Italy using HH-101A helicopters to transport coronavirus patients

The Italian Air Force is using HH-101A helicopters as bio-containment transportation aircraft to assist in the country’s ongoing fight against the coronavirus that has sickened more than 40,000 Italians.

Italy on March 19 surpassed China for the number of deaths resulting from the novel coronavirus. Over the next three days, the Italian government reported more than 6,500 new cases, bringing the country’s total to 59,138, according to the Washington Post. More than 5,400 Italians had succumbed to the virus as of March 22.

Italian Air Force HH-101A for coronavirus transports
The Italian Air Force’s HH-101A, outfitted with an Aircraft Transit Isolator (ATI). Italian Air Force Photo

A specially kitted HH-101A went into service at its base in the Italian east coast town of Cervia, home of the 15th Search and Rescue Wing, on March 6. The next afternoon, it was called by the Lombardy Regional Emergency and Urgency Agency to transport a 62-year-old patient with coronavirus from Cremona to the Morelli Hospital in Sondalo (Sondrio), according to the Italian Air Force.

The helicopter, with a medical team on board specialized in bio-containment transport, took off from Cervia shortly after receiving the mission order and reached the Cremona Hospital, where the patient was loaded according to strict COVID-19 procedures. The aircraft then took off again for Bormio, for the subsequent transfer to the Morelli Hospital in Sondalo. It has been flying missions across northern and central Italy in the intervening months as coronavirus has spread.

According to the Italian Air Force, the helicopter has been outfitted with standard aeromedical equipment and gear specific to carrying COVID-19 patients, including an Aircraft Transit Isolator (ATI), a special insulated stretcher designed for bio-containment air transportation of highly infectious patients.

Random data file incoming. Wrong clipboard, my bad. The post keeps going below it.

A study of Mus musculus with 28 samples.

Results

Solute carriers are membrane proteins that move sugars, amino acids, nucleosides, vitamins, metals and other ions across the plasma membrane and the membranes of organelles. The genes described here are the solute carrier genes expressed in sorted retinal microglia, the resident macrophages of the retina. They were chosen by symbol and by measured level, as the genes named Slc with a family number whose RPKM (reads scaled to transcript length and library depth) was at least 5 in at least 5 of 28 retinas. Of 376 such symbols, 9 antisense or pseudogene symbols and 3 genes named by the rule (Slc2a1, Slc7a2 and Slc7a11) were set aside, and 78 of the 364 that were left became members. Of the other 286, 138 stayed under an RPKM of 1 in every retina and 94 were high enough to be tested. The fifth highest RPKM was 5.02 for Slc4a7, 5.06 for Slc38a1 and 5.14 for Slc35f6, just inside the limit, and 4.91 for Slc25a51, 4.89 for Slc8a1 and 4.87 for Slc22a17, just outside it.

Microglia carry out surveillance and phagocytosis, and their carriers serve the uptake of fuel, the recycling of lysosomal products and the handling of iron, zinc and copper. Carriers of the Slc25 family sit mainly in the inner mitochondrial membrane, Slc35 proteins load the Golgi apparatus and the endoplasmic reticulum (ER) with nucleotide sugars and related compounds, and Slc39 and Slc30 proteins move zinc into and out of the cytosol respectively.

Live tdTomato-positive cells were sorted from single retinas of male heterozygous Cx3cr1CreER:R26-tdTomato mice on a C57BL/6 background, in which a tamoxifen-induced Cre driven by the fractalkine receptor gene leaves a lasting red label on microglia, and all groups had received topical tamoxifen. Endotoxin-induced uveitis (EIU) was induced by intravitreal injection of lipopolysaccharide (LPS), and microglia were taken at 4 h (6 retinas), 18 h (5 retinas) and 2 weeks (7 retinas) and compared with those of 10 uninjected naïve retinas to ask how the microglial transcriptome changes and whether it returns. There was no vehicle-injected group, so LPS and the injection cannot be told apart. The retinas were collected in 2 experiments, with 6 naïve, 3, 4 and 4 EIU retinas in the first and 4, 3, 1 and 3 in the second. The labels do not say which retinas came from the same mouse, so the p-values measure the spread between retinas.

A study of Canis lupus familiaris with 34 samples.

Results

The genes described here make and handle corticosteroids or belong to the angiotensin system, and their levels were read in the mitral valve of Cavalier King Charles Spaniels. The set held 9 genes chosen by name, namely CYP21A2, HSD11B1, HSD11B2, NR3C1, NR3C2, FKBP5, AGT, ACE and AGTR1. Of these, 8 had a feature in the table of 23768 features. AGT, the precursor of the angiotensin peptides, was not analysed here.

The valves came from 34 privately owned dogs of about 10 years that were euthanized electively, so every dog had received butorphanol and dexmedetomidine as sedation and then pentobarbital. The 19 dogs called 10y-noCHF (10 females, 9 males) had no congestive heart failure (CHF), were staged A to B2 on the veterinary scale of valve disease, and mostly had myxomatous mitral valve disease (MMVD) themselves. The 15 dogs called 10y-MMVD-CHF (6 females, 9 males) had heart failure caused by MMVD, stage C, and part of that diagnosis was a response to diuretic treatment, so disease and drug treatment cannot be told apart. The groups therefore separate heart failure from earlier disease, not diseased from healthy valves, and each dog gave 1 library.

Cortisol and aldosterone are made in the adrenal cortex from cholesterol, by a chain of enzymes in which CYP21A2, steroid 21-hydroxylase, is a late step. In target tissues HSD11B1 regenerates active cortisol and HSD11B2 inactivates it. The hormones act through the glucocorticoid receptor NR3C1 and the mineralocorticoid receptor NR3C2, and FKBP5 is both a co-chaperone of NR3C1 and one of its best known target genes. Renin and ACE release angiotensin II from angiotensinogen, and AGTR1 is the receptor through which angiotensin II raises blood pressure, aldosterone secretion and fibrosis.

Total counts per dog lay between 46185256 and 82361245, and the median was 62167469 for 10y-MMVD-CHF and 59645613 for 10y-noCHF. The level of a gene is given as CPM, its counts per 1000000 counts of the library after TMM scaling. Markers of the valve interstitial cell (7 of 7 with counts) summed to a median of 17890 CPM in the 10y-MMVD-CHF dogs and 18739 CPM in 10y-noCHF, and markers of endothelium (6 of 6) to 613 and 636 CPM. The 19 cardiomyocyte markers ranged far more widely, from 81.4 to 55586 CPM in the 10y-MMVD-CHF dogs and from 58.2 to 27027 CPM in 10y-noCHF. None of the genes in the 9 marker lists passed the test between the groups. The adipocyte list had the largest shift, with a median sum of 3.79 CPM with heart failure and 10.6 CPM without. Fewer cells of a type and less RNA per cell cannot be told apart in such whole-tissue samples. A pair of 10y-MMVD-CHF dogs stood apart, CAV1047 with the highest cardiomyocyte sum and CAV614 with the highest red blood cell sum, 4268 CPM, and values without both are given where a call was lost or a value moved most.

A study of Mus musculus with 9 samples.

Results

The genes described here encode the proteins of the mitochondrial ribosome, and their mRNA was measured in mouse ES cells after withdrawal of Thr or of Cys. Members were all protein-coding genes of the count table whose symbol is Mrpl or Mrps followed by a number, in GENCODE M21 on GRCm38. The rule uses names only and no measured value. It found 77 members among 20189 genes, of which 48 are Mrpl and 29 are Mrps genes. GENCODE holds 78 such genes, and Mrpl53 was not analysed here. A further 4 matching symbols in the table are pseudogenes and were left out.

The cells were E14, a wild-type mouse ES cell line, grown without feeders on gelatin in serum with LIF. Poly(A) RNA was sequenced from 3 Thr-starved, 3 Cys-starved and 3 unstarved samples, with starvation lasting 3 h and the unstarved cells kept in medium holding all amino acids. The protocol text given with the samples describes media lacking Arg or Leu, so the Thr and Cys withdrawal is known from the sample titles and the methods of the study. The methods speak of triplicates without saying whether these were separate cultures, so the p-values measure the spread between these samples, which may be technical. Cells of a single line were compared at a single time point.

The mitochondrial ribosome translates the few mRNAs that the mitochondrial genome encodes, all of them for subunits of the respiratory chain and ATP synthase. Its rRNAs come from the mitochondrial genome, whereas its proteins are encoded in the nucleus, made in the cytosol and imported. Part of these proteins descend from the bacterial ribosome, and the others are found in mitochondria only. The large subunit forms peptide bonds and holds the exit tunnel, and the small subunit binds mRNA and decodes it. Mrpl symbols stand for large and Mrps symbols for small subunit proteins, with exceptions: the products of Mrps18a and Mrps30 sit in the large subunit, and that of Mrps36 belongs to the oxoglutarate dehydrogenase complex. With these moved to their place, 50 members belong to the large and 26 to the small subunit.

Italy’s HH-101A “Caesar” aircraft first flew in 2014. Most of the 12 currently on order have been delivered and are used for special operations and personnel recovery missions, according to Leonardo. At least two of those aircraft have been converted for the COVID-19 support mission.

The Italian Air Force HH-101A Caesar helicopters are operated by crews coming from the 9th Squadron, based at Grazzanise Air-Base in south-central Italy, and the 15th Squadron, at Cervia Air-Base in the north. Together with a specialized Air Force medical team trained in bio-containment transportation, they are tasked with moving coronavirus patients to and between hospitals or medical structures.

The HH-101A Caesar can handle a variety of missions, including search-and-rescue, personnel recovery, special operations, and interception of slow flying aircraft. The helicopter is one of the most advanced configurations of the 16-tonne (35,000-pound) Leonardo AW101 helicopter.


Italy’s armed forces are constantly monitoring the coronavirus outbreak and cooperating with the Department for Civil Protection and other civil health organizations. As soon as the first COVID-19 cases appeared in northern Italy, the country’s military mobilized along the entire peninsula, establishing 2,200 hospital rooms and 6,600 beds for COVID-19 patients.

The Italian army, navy, air force and the Carabinieri Corps have all contributed medical and nursing personnel to support the containment effort.

The Italian Joint Operations Headquarters (JOHQ) has implemented a 24-hour operational room dedicated to the coronavirus emergency, which coordinated all the transport of Italian citizens from abroad and now manages and shares information with other departments. The JOHQ also monitors the situation of Italian military personnel worldwide involved in international missions and operations, providing personnel protection with specific precautionary measures.